New clinical research has documented a positive effect on total daily energy intake when Litesse® Ultra™ polydextrose from the DuPont™ Danisco® range is consumed in a mid-morning snack. Consolidating earlier research, the findings point to the optimal polydextrose dose required to promote satiety and reduce subsequent energy intake.
Participants in the randomized, cross-over study consumed chocolate milk drinks with an equal energy load and varying doses of Litesse Ultra, from 0g up to 25g, 90 minutes prior to being served an unlimited pasta-based test meal.
Significant reduction in energy intake
The researchers determined the exact amount of energy consumed by each participant before they declared themselves comfortably full. This revealed that total meal energy intake was significantly lower when participants had received 6.3g, 12.5g or 25g Litesse Ultra in the pre-meal snack, compared to the no-polydextrose control.
Consumption of 25g polydextrose led to the lowest meal energy intake, indicating that the impact on satiety is dose-dependent. In addition, it was found that both the 12.5g and 25g polydextrose doses were linked to a lower total energy intake over the entire day. All 21 participants—12 men and nine women—were healthy and of normal weight (BMI<25).
Valuable insight for weight management
Michael Bond, health platform leader at DuPont Nutrition & Health, commented on the findings, “A number of earlier studies have documented the ability of polydextrose to promote satiety. This latest research provides greater insight into the optimal dose of polydextrose required to achieve this effect, and its potential as part of a weight management regime.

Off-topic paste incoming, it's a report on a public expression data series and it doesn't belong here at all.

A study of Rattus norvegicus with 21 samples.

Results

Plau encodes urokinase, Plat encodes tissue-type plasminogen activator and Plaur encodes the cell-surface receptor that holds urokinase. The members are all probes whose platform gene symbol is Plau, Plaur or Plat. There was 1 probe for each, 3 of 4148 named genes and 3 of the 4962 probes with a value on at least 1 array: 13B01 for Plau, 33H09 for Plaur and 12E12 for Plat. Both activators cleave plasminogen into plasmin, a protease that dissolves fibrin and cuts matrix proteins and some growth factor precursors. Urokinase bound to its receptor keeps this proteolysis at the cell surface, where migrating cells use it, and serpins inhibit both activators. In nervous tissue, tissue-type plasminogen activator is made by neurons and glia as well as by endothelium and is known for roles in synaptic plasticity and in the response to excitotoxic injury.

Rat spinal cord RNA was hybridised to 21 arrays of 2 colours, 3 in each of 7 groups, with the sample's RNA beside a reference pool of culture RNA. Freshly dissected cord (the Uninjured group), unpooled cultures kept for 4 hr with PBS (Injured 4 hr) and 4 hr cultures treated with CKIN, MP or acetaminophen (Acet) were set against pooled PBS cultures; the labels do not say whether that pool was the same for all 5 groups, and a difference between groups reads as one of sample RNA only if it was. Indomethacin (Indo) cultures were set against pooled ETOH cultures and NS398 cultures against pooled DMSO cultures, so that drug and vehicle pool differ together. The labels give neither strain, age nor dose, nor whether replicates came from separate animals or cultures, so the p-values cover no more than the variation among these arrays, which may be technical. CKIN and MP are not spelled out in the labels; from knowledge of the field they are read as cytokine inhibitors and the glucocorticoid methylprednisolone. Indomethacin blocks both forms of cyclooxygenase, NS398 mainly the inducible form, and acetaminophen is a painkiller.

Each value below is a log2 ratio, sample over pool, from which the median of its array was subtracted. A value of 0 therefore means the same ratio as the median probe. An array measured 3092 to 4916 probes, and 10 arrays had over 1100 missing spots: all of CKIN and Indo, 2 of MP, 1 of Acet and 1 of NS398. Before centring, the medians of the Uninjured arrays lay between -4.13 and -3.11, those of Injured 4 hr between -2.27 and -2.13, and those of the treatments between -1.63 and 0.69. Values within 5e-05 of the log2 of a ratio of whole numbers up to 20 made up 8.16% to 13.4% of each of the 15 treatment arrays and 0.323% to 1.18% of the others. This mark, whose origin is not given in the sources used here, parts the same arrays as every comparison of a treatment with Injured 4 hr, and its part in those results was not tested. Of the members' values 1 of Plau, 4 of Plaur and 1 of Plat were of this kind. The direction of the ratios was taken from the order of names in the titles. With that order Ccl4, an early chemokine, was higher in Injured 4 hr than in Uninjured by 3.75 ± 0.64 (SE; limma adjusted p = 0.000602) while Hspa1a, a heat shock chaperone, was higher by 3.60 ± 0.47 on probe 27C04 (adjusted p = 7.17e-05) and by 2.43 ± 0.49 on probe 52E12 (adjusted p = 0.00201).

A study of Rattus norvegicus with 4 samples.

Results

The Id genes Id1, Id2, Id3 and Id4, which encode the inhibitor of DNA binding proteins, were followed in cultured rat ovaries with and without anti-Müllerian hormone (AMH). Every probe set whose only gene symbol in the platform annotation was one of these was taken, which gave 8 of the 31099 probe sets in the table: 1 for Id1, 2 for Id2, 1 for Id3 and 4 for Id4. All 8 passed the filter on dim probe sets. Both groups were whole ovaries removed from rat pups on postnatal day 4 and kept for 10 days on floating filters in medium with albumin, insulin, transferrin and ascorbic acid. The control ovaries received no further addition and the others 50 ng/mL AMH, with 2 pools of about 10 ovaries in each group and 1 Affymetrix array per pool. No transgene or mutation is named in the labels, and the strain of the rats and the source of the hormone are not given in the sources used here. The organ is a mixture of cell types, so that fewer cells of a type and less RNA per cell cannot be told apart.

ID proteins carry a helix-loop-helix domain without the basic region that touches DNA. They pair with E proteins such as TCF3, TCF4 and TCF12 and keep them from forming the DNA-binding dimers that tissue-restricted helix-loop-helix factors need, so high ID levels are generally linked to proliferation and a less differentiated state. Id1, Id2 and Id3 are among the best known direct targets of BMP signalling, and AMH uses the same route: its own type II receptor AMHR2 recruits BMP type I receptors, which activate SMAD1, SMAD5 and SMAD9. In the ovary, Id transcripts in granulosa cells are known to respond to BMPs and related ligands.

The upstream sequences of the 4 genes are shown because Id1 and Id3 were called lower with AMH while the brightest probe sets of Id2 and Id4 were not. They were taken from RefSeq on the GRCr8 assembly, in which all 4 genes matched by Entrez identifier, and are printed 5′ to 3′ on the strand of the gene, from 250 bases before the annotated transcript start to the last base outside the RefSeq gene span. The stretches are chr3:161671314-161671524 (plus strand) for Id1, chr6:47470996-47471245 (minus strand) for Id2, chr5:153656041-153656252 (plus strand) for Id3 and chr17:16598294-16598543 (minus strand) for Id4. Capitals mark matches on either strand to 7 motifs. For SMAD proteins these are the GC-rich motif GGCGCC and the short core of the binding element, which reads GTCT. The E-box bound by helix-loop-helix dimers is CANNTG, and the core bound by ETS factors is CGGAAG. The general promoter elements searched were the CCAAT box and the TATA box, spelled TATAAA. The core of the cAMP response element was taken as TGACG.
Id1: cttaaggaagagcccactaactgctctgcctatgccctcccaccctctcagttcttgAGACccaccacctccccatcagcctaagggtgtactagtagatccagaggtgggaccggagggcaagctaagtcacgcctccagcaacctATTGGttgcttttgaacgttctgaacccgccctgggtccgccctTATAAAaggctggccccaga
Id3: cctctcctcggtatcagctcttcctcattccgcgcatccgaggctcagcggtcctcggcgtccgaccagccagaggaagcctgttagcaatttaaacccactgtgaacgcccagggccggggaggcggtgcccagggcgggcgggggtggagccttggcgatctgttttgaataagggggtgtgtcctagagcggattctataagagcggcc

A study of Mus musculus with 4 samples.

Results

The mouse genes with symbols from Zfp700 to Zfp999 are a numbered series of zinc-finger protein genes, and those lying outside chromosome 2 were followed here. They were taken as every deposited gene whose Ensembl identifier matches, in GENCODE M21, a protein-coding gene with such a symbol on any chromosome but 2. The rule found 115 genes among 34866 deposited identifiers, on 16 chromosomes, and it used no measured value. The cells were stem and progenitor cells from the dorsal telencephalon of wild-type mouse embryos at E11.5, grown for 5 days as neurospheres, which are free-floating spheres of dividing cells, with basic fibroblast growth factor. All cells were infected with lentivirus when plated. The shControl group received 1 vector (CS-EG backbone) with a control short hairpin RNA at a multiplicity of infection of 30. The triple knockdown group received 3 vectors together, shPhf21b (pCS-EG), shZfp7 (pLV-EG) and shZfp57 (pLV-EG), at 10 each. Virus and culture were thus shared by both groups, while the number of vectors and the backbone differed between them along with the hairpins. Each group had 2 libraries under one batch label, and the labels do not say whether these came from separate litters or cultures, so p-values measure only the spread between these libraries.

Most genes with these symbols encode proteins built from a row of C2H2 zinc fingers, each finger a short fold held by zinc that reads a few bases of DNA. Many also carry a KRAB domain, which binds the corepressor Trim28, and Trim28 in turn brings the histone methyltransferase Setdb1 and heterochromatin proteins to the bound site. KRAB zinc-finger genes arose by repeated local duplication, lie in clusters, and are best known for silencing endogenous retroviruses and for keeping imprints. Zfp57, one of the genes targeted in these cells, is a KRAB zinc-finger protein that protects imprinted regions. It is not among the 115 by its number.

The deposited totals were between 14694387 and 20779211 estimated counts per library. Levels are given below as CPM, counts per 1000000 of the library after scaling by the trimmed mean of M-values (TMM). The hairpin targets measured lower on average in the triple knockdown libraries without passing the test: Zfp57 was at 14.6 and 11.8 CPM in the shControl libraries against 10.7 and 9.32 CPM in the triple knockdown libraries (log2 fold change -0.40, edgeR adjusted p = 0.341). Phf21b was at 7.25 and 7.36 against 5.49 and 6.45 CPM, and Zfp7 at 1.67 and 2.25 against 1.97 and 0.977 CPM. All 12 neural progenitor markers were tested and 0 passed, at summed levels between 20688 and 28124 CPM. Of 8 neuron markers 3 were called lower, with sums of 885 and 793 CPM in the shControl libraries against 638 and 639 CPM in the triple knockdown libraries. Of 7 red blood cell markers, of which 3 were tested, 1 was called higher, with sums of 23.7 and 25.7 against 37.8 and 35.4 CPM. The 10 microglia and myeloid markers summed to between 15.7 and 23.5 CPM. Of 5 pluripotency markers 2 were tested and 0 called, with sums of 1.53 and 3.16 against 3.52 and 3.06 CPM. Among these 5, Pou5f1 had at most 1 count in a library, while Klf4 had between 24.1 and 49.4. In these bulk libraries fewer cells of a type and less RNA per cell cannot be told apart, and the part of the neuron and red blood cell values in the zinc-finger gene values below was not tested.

“These findings are particularly valuable with respect to supporting our customers’ new product developments in this area, as well as helping to guide further research into the mechanisms underlying the effect of polydextrose upon satiety and energy intake.”
Litesse Ultra is a recognized dietary fiber that contributes just 1kcal per gram. Widely approved on international markets, it is suitable for many food and beverage applications.
Published in the British Journal of Nutrition, the study’s full title is: “Polydextrose results in a dose-dependent reduction in ad libitum energy intake at a subsequent test meal.” Nerys Astbury Ph.D. from the New York Nutrition and Obesity Research Center led the study, which was conducted at the University of Nottingham in the United Kingdom.